Youngster Joins Dupuch Team For Beach Clean-Up

ON a day when most youngsters would be glued in front of the television watching cartoons, Kingsway Academy’s fifth grader Sierra Blair was hard at work participating in a coastal clean-up initiative spearheaded by Etienne Dupuch Jr Publications Ltd.

“At the end I was tired, but I had a lot of fun doing it,” said the ten-year-old. “We got rid of a lot of garbage. You could see the difference.”

From 8.30am to 10am on Saturday, February 8, Sierra and four employees of Dupuch Publications collected more than 20 bags of trash from along the shores of Delaporte Beach.

The most commonly found trash items included food wrappers, bottles, cans and plastic – which, if washed into the ocean – could endanger the marine life.

More unusual finds were an old tyre, wooden crates, scrap metal, a duffle bag and a child’s toy.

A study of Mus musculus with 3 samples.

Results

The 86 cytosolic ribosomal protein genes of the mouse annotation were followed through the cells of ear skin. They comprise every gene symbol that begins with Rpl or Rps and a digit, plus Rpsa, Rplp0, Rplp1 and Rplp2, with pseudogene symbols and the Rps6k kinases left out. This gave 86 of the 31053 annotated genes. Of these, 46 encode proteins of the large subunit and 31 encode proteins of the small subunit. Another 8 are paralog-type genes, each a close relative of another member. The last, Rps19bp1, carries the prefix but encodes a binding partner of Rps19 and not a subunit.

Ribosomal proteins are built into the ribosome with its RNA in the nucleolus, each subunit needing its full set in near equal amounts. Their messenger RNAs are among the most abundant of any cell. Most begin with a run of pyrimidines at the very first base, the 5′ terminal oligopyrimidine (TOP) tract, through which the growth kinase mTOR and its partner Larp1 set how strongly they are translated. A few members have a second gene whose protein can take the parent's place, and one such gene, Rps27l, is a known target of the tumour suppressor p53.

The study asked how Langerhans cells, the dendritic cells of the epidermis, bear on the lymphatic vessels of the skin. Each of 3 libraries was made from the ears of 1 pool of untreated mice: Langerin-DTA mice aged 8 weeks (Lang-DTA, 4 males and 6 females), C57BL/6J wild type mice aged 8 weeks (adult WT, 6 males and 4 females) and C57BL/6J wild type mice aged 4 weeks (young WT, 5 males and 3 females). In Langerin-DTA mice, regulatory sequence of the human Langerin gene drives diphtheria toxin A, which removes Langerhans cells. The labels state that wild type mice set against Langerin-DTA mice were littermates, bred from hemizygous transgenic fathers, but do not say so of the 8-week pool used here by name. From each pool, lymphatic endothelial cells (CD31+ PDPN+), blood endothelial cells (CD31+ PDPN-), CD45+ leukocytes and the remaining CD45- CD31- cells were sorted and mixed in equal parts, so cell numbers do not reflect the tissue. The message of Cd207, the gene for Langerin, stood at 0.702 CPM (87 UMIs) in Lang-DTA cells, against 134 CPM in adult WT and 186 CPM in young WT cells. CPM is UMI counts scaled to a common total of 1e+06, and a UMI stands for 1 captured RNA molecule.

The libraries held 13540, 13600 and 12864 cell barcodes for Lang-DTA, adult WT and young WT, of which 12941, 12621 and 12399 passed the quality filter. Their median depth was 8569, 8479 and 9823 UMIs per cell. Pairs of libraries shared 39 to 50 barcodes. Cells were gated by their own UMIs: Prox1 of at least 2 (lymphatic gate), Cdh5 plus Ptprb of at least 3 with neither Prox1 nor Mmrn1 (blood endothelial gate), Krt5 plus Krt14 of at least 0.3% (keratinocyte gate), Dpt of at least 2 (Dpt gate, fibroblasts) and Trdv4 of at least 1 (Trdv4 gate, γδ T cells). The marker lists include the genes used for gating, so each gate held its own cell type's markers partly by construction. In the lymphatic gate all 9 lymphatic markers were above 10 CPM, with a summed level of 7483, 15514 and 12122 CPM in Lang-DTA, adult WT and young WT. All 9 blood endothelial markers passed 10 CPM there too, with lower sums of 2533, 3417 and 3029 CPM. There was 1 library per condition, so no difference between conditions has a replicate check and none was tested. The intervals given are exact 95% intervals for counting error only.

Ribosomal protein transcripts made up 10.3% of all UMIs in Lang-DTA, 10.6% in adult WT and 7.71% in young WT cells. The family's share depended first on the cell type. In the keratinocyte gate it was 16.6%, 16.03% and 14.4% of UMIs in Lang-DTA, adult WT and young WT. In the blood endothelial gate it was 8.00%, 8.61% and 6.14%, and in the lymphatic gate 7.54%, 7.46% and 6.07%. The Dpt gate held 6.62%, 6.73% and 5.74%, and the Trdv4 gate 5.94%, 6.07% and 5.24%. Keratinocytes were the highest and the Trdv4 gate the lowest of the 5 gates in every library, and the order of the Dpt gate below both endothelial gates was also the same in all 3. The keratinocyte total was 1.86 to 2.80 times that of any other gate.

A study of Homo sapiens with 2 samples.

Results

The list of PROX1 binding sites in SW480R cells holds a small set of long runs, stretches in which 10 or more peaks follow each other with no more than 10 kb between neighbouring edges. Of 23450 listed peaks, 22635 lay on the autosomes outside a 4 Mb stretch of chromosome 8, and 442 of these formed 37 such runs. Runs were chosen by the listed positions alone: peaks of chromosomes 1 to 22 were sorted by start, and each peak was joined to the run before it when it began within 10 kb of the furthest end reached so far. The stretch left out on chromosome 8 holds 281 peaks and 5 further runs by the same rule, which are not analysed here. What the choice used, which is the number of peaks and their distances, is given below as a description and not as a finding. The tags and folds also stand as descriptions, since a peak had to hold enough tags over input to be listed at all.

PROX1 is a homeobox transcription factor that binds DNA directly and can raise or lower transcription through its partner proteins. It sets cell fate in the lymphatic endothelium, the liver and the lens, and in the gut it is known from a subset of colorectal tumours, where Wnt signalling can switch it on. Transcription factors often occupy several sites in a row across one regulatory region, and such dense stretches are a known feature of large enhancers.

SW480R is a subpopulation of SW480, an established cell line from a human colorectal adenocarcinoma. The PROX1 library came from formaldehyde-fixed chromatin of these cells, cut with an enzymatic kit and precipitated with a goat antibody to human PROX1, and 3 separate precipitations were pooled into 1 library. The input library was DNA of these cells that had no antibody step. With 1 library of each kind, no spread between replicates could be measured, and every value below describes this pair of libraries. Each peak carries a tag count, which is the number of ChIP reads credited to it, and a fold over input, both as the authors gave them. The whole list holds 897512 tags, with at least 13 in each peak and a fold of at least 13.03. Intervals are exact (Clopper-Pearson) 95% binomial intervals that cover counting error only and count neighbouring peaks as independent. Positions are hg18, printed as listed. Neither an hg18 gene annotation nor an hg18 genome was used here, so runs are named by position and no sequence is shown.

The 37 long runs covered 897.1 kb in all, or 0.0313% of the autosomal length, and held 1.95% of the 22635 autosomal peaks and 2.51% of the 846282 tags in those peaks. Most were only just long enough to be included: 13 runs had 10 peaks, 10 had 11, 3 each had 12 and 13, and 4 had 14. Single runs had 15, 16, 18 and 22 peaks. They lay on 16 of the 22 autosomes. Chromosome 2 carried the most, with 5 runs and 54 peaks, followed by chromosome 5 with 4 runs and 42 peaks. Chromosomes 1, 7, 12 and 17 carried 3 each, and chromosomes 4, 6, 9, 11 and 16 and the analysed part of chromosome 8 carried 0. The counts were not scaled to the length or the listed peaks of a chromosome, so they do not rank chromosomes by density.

The weekend clean-up wasn’t the first time the leading publishing house has gotten down and dirty on the beach.

Co-ordinating the initiative was Etienne Dupuch III, the company’s vice president. He also participated in the clean-up.

“This initiative shows a few people can make a difference in keeping the beaches and coastal system clean and free of garbage for Bahamians and visitors alike. People noticed the difference immediately,” said Mr Dupuch.

“We are all beneficiaries of the country’s natural assets including the beaches, colourful coral reefs and crystal clear ocean. Cleaning the beaches keep garbage out of the sea and away from the nearby coral reefs. It is our duty to make every effort to keep the coastal ecosystem lean and preserve it for future generations.”

The Ministry of Tourism designated February as “Sustainable Tourism Month,” and emphasised the importance of beaches to tourism and the Bahamian economy.

“It’s never too early to teach our children the importance of keeping our surroundings clean,” said Sierra’s mother, Dupuch Publications writer and clean-up volunteer, Tosheena Robinson-Blair.

“We tend to keep that lesson of cleanliness confined to our home and school, but it’s equally important that children learn we have a collective responsibility to keep The Bahamas clean.”